Last week when we were out yurt-camping with my parents, I scanned the dark skies over the Never Summer Range each night for meteors from the annual August Perseid showers. I saw one streak across the sky in the wee hours after a sprinkle of rain, but that was all.
Then last night, after having guests for dinner, we cleaned up the kitchen and watched the moon sail high into the night sky.
"Let's go outside and watch for meteors," Richard said.
We went out into the kitchen garden and sat on the edge of the asparagus bed, where we could look toward the northeast, where the greatest concentrations of Perseid meteors seem to originate. We had just sat down when Richard spotted the first one, a bright white star streaking past us before burning out.
I reached for his hand, and we grinned at each other in the silvery moonlight.
We picked out the constellations we could see over the house: the large ladle shape of the Big Dipper, and following the curve of its handle, Arcturus, the bright orange star in Bootes. We picked out the three bright stars that form the Summer Triangle, Altair in Aquila, the Eagle, on one side of the Milky Way, Vega in Lyra across the way, and Deneb, the tail star in Cygnus, the swan that flies along the Milky Way.
I had just located Polaris, the pole star in the Little Dipper when a brilliant meteor appeared in the black sky just over the roof of the house. I pointed, and Richard swung his head in that direction. As it sped by us in the western sky, it flared magenta, brighter than any falling star I have ever seen.
Richard uttered some exclamation, but I was stunned speechless.
The meteor streaked by, the magenta blazing into white, and then brilliant emerald green before disappearing into the dark sky, trailed by a shimmering tail that lasted what seemed like forever, but was probably only two or three seconds.
Meteors, astronomers say, are debris left behind as comets whiz through our solar system. As earth passes through these plumes of detritus, like dust clouds trailing after traffic on dirt roads, the bits of debris collide with our atmosphere and ignite instantly as they streak across the sky tens of miles above Earth's surface before burning out. The brightest of meteors rival bright stars, those that surpass them are fireballs. Most meteors are the size of grains of sand; only larger bits of debris form fireballs.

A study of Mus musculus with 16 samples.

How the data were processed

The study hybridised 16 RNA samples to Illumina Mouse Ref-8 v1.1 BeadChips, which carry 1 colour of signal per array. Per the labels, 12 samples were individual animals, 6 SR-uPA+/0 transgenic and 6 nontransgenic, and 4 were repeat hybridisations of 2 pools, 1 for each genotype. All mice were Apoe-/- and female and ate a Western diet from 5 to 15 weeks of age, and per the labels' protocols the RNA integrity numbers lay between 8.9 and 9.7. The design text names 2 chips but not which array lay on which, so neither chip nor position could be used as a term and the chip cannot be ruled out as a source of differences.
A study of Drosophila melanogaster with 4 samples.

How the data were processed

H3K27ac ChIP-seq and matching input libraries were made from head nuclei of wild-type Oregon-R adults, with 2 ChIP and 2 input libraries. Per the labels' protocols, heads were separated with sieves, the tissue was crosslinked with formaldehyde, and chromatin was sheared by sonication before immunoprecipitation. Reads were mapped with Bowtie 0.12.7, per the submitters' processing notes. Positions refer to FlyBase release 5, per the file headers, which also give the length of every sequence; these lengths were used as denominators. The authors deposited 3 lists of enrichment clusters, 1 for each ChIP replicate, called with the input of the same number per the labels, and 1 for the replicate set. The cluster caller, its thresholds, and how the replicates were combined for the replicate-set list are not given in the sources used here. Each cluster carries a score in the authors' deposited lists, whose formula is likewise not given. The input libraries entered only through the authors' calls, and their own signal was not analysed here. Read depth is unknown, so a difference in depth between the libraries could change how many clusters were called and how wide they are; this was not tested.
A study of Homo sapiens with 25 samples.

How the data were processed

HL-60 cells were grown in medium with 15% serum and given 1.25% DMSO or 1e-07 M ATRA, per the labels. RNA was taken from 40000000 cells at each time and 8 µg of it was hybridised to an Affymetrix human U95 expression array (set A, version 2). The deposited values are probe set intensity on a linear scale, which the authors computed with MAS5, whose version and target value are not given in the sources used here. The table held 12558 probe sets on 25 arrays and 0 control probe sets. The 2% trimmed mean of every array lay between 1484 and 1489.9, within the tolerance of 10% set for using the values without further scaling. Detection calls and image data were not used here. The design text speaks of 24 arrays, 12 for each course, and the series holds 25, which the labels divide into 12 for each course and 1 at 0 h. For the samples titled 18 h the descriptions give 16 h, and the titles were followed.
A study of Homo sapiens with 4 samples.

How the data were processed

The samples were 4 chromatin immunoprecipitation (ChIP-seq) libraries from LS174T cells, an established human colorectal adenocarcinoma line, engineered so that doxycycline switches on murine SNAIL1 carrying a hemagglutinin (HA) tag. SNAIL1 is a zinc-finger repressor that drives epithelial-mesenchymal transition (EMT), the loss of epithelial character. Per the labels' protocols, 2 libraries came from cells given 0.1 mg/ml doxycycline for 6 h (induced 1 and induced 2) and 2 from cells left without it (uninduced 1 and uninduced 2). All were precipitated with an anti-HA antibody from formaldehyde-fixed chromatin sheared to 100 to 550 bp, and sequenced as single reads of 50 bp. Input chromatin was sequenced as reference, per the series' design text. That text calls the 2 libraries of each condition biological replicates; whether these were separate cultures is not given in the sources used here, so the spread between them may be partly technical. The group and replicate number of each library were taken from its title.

It was a fireball we saw last night, a meteor flaring magenta, hot-white, and then cool green before it incinerated in the friction generated by its trip through our upper atmosphere. Its shimmering tail lasted long enough for us to burn the sight of that spectacular falling star into our memories.
When I was a child and saw a meteor, we always made a wish - quickly, before the ephemeral bit of flaming debris burned out. Last night, I was too dazzled by the streak of color burned across the dark sky by that Perseid fireball to make a wish.
If I were to wish though, it would simply be that I never lose the desire to stop and look for meteors, and to be rendered speechless when one streaks across the sky overhead. And to wish that we all have the wonder of shooting stars - those miracles of ephemeral light created as our planet crosses the dusty trails of comets orbiting our solar system. For a moment, meteors streak across the heavens and into our consciousness, pulling us with them as they break through the routines that dominate our daily lives.
(The photograph of elegant asters comes from our yurt-camping trip. I don't have a photograph of meteors - I can't think that fast!)